Since we're already on a carbohydrate kick today, and the weather is still cold enough that we don't mind standing over a hot stove, and, thirdly, because doughnuts are delicious, we unearthed KCET chef Nick Stellino's recipe for ricotta doughnuts with lemon cream dipping sauce. In Italy, where this recipe originates, they're called bomboloni, which is such a fun word to say -- and even more fun to eat.
Ricotta Doughnuts with Lemon Cream Dipping Sauce
Makes about 30 doughnuts
For the doughnut batter:
½ cup sugar
1 pound ricotta
2½ cups flour
1 heaping tablespoon baking powder
1 teaspoon vanilla extract
1 teaspoon grated lemon rind
Light-flavor olive oil, for frying
Powdered Sugar, for sprinkling on the doughnuts
Small ice-cream scoop
For the lemon cream dipping sauce:
½ cup sugar
⅓ cup freshly squeezed lemon juice (from 3 to 4 lemons)
Freshly grated zest of ½ lemon
Ice, for an ice bath
2 tablespoons unsalted butter, slightly softened at room temperature
½ cup chilled heavy cream
To prepare the doughnuts:
Mix the batter ingredients in order with a wooden spoon, being careful not to overmix. You can place the batter in the refrigerator at this point and keep it there till you're ready to fry, up to 48 hours. You may have to increase the frying time slightly to compensate for the colder batter.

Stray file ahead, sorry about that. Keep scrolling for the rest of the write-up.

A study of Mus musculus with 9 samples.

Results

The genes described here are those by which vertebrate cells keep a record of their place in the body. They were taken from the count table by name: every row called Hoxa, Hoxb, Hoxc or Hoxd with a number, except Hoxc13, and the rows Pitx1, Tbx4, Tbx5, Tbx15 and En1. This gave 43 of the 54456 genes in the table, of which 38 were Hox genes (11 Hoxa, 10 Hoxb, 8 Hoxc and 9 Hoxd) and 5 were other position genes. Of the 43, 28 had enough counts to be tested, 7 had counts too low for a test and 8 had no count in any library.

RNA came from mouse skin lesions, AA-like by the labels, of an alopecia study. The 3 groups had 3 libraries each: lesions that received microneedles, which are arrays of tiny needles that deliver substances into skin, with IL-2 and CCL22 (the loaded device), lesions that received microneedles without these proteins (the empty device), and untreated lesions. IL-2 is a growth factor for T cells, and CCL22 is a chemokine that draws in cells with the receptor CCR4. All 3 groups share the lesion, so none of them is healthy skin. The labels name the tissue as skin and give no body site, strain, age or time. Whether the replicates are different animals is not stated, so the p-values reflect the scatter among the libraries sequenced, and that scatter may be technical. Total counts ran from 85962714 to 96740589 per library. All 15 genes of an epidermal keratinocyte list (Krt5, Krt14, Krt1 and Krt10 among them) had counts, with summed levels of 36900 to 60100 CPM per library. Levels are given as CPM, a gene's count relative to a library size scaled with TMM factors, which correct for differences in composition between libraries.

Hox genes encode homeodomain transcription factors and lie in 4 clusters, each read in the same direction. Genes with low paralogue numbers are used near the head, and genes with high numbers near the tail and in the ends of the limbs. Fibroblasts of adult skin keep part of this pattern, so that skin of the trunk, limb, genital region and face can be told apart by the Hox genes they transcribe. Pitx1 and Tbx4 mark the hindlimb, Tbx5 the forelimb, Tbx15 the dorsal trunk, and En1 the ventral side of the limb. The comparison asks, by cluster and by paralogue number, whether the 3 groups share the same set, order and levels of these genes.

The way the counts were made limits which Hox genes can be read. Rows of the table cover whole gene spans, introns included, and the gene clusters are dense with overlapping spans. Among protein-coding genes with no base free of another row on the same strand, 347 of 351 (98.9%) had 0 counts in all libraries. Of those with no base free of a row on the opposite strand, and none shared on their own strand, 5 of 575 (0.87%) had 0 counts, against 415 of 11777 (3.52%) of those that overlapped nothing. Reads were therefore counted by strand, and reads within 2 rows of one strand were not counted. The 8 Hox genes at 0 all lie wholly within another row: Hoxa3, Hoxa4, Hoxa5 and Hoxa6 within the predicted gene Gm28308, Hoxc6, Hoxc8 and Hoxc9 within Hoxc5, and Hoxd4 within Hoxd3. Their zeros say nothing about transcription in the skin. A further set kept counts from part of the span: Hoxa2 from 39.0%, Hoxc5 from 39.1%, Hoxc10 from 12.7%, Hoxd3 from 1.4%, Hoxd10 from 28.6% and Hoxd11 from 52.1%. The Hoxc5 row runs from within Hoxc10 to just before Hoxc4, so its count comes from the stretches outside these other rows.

Heat the oil in a large saucepan to 325 degrees. Drop the batter by small ice-cream-scoopfuls or teaspoonfuls into the oil and deep-fry for 3 minutes, turning the doughnuts often till golden brown on each side. Break the first doughnut open to check that it is cooked all the way through.
Drain the doughnuts on paper towels or a brown paper bag and sprinkle heavily with powdered/confectioners sugar, or place them in a resealable bag of powdered/confectioners sugar and shake them well to coat. Serve in a bowl or on a platter with a side of the lemon cream as a dipping sauce.
To prepare the lemon cream dipping sauce:
Bring about 2 inches of water to a simmer in a large saucepan. In the bowl of a mixer fitted with a whisk attachment (or using a hand mixer), whip the eggs and sugar together until very light yellow and fluffy. Mix in the lemon juice and lemon zest. Rest the mixing bowl in the saucepan, with the bowl's base resting above -- not in -- the simmering water. (Pour out some water if necessary.) Cook, whisking occasionally, until the mixture is thickened and custardy, about 10 minutes.
Meanwhile, half-fill a large bowl with ice and cover with cold water. Remove the bowl with the custard in it from the saucepan and whisk in the butter until melted. Rest the bottom of the bowl in the ice bath and let it cool, folding the mixture occasionally to cool and thicken it.
In the bowl of a mixer fitted with a whisk attachment (or using a hand mixer), whip the cream until stiff. Fold it into the cooled lemon custard. Cover, and refrigerate until ready to serve. (The lemon cream can be kept refrigerated for up to 48 hours before use.)